1. Jul 21, 2012 #1
    1. The problem statement, all variables and given/known data

    This is not really a homework assignment but I think it sounds like it is, so I just put this here regardless.

    I want to know the temperature in a coke bottle as a function of time. I can measure the initial temperature of the coke bottle, I know the dimensions of the bottle, the material and the ambient temperature of the room. If there is anything else trivial I could measure or determine that would be relevant I could probably obtain that too. What does the equation look like that will determine this temperature as a function of time?

    2. Relevant equations

    Newton's law of cooling?

    3. The attempt at a solution

    Sorry I don't know.
  2. jcsd
  3. Jul 21, 2012 #2

    Simon Bridge


    You'd need to know how convection gets set up in the room around the bottle. In Newtonian cooling you have forced convection: so you'd be blowing air over the bottle.

    You'd need to know the thermal conductivity through the walls of the bottle - is it glass (what kind) or PET?

    Is the room heated? Is there light falling on the bottle (and room) that could have an effect on the experiment?

    This is the sort of thing you normally do empirically.

    However, a really simple model would just treat the (closed) bottle like a room - and you work out the heat transfer due to conduction through the sides assuming the outside of the bottle is maintained at a constant temperature. You've probably seen these calculations. The instantanious heat flow would look like Ohm's law, use the specific heat at constant volume to convert heat flow to temperature ... though you can do it in terms of temperature difference as well... the actual change in temperature will depend on the instantanious temperature so you'll end up with an exponential much like Newtons cooling.
  4. Jul 22, 2012 #3
    Simon Bridge gave a pretty good assessment of this problem. I have a few additional comments. Lets assume that there is liquid present within the bottle. This is a transient problem, and there may be temperature variations and convection within the liquid as it heats up. If you assume that there is a stirrer present within the liquid, then at high stirring rates, the liquid can be assumed to be well-mixed, and at a uniform temperature. Neglecting viscous heating from the stirring, this situation would provide an upper bound to the rate at which the liquid heats up (since there would then be zero thermal resistance within the liquid). If the bottle is thin plastic like present day coke bottles, then the main resistance to heat transfer will be on the outside air side, resulting (as Simon Bridge has indicated) from forced and natural convection in the room. Ordinarily, for this case, the heat transfer coefficient on the outside air side will be on the order of 1 to 10 BTU/hr-ft2-deg-F. For old time coke bottles, made of thick glass, the resistance to heat transfer through the glass should be considered. The equivalent heat transfer coefficient would be the glass thermal conductivity divided by the glass thickness. This would have to be compared with the heat transfer coefficient on the outside air side to see which, if either, thermal resistance dominates. In any case, you could evaluate the overall heat transfer coefficient. You would multiply this by the contact area of liquid within the bottle to get the UA factor for Newton's cooling law. Incidentally, in this case you would neglect the thermal inertia of the glass.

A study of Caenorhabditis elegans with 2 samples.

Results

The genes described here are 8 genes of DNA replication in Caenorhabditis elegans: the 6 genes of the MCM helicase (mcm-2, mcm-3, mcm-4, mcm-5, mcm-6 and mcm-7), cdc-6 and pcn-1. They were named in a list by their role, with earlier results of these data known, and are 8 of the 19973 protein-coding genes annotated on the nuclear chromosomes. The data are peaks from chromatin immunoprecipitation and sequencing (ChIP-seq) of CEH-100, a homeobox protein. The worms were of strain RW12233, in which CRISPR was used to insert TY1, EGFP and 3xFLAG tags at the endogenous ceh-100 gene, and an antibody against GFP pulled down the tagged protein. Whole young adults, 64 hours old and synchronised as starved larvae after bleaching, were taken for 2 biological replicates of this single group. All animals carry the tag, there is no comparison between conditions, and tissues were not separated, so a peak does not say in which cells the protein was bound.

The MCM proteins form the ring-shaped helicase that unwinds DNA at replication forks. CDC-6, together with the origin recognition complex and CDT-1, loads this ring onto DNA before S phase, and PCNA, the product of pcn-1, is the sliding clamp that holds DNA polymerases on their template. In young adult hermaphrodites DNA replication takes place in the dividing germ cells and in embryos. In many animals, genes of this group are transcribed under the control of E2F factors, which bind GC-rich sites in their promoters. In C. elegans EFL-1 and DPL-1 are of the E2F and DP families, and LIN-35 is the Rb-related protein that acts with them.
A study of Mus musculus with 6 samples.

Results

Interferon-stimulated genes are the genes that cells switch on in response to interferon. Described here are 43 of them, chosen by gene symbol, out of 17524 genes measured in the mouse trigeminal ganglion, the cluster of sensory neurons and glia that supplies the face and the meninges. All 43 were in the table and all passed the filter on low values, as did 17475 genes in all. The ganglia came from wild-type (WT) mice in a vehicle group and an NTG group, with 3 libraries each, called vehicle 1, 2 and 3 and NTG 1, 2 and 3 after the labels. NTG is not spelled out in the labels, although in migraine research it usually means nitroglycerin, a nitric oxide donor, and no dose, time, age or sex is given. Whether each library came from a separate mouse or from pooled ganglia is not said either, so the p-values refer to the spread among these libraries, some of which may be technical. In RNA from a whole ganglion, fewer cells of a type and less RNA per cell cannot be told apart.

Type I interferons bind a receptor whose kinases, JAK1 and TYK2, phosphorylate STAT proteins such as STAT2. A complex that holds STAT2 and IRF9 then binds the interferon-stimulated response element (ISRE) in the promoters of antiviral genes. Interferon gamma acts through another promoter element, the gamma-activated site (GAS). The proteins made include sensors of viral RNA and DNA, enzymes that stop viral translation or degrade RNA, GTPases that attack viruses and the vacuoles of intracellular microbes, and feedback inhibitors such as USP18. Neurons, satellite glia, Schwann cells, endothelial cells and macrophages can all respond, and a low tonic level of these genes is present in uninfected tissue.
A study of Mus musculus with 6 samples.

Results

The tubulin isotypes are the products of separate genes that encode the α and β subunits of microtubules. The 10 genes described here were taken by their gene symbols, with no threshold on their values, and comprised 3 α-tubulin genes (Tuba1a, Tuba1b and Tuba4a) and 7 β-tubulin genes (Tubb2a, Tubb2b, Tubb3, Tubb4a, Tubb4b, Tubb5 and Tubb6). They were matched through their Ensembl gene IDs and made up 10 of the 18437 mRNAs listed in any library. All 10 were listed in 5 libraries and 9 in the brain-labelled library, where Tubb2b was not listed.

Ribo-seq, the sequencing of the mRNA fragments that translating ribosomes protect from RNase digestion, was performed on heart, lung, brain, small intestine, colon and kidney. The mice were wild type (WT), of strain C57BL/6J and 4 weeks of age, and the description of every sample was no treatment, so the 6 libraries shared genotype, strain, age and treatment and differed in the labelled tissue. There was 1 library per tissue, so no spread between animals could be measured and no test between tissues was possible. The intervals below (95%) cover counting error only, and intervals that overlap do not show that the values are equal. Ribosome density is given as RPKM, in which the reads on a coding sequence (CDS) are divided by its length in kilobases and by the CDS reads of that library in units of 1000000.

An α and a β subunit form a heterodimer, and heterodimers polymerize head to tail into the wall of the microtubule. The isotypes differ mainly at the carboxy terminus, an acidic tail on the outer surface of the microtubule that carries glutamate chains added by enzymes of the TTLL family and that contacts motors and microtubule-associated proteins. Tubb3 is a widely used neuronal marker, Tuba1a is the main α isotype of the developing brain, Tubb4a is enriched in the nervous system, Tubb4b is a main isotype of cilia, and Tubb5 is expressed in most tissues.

The limiting case for slowest cooling would be if the liquid within the bottle experiences no stirring, or even natural convection. Therefore, it could be treated as a rigid solid. The heat transfer within the liquid would then be strictly conduction. You could solve this problem approximately by treating the bottle as a cylinder, and neglecting heat transfer at the ends. Transient solutions for heating and cooling of rigid cylinders with convective heat transfer at the surface can be found in the literature (say Carslaw and Jaeger). You might also want to include the thermal inertial of the glass for this case.

    In any case, the two solutions you get by the above simplified calculations would be provide upper- and lower bounds to the actual heating rate. These might be sufficient for your purposes. To be more precise, you would have to solve the problem for the true geometry, including natural convection in the liquid. This would require numerical solution of the differential transient heat balance equation.